Tower Block Façade

Re-discovering high-rise typologies

Completed Month Year


Town, City

Client: Who’s the Client
Contract Value: £How Much
Status: It came, and it went…
Collaboration: Who helped?

The Krögarvägen housing of Fittja was planned and constructed from 1965-1972 as part of the Million Programme. In recent years the housing has been the subject of numerous design competitions with a vision to regenerate the area and renovate the existing housing.

The residents of Fittja’s Krögarvägen housing are a well established community of Turkish women from the Kulu region. Present since the housing completed in the 70s, the surrounding architecture and Swedish organisations have been manipulated to best cater to the distinct needs of this migrant population. This is best evidenced by the local ‘Verdandi’, a Swedish workers’ organization, which now forms the community hub for the Kulu women where activities such as ‘mattan’ (carpet weaving), collective eating, flea markets and socializing all take place out of view from other males, as Muslim culture dictates.

Extensive research into the customs and practices associated with the consumption of food highlighted the shortcomings in the existing buildings at Fittja.

From the outset, the architectural interventions bolster the strength of the Kulu community. The new domestic configuration allows for timeless traditions of food preparation and consumption to be reintroduced to a generation who, having been born in Sweden, may not have any experience with the way things would have been in Turkey. The lives of the women are greatly improved and opportunities for positive social engagement with the ethic population help to ensure that there is mutual acceptance between both the migrant population and the indigenous Swedish population.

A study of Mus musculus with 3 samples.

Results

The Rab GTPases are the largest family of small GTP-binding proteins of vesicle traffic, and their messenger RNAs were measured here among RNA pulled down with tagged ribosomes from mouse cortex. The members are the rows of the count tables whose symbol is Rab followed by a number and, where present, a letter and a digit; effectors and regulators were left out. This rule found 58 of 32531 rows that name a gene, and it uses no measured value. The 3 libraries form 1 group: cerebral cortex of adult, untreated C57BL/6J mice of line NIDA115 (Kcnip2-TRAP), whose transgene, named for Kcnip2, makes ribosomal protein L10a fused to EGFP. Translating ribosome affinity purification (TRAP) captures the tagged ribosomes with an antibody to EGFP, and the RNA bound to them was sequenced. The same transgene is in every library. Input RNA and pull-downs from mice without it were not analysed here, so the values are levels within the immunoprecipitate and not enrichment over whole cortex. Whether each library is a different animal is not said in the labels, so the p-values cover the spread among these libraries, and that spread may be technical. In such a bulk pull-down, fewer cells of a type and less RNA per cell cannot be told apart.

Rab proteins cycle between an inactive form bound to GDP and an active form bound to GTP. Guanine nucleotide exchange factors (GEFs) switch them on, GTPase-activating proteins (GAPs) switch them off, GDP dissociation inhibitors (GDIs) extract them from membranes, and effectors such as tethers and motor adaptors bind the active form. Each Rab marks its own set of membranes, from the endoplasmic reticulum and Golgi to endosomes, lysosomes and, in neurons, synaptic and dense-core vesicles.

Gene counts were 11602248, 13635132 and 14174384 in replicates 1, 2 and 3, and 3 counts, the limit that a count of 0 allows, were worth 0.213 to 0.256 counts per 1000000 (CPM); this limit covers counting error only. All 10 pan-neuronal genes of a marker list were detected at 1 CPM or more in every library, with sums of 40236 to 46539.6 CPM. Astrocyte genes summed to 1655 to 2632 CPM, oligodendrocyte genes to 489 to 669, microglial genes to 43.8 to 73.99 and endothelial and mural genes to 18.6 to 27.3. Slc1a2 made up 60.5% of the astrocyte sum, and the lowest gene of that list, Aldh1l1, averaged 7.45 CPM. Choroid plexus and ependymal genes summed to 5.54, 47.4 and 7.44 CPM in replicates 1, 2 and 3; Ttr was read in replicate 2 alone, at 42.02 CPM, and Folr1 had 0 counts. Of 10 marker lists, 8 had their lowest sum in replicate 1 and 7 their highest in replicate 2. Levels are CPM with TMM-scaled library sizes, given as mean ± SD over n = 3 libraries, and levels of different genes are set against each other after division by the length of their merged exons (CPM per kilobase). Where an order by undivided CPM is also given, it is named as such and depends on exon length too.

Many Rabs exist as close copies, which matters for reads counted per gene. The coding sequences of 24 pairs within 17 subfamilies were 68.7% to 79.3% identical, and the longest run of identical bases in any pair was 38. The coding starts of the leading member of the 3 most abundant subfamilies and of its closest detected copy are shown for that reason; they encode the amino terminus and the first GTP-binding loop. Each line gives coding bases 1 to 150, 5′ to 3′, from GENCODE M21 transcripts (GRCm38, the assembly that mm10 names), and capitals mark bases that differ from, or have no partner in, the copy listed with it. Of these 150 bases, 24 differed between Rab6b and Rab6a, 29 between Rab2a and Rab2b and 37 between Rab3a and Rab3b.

The increased flow of Swedish people to the suburb and their engagement with the Kulu community will ensure that the next generation of Fittjans are much more embedded with the Swedish culture. Acting as ‘cultural mediums’, the Fittjan kitchens will continue to evolve, absorbing more Swedish influence to create an exciting cuisine that is distinctly Fittjan. Above all else, the opportunities for positive social exchanges will mean that the two cultures can truly bridge and that this easily forgotten migrant settled suburb can be positively integrated with the city of Stockholm.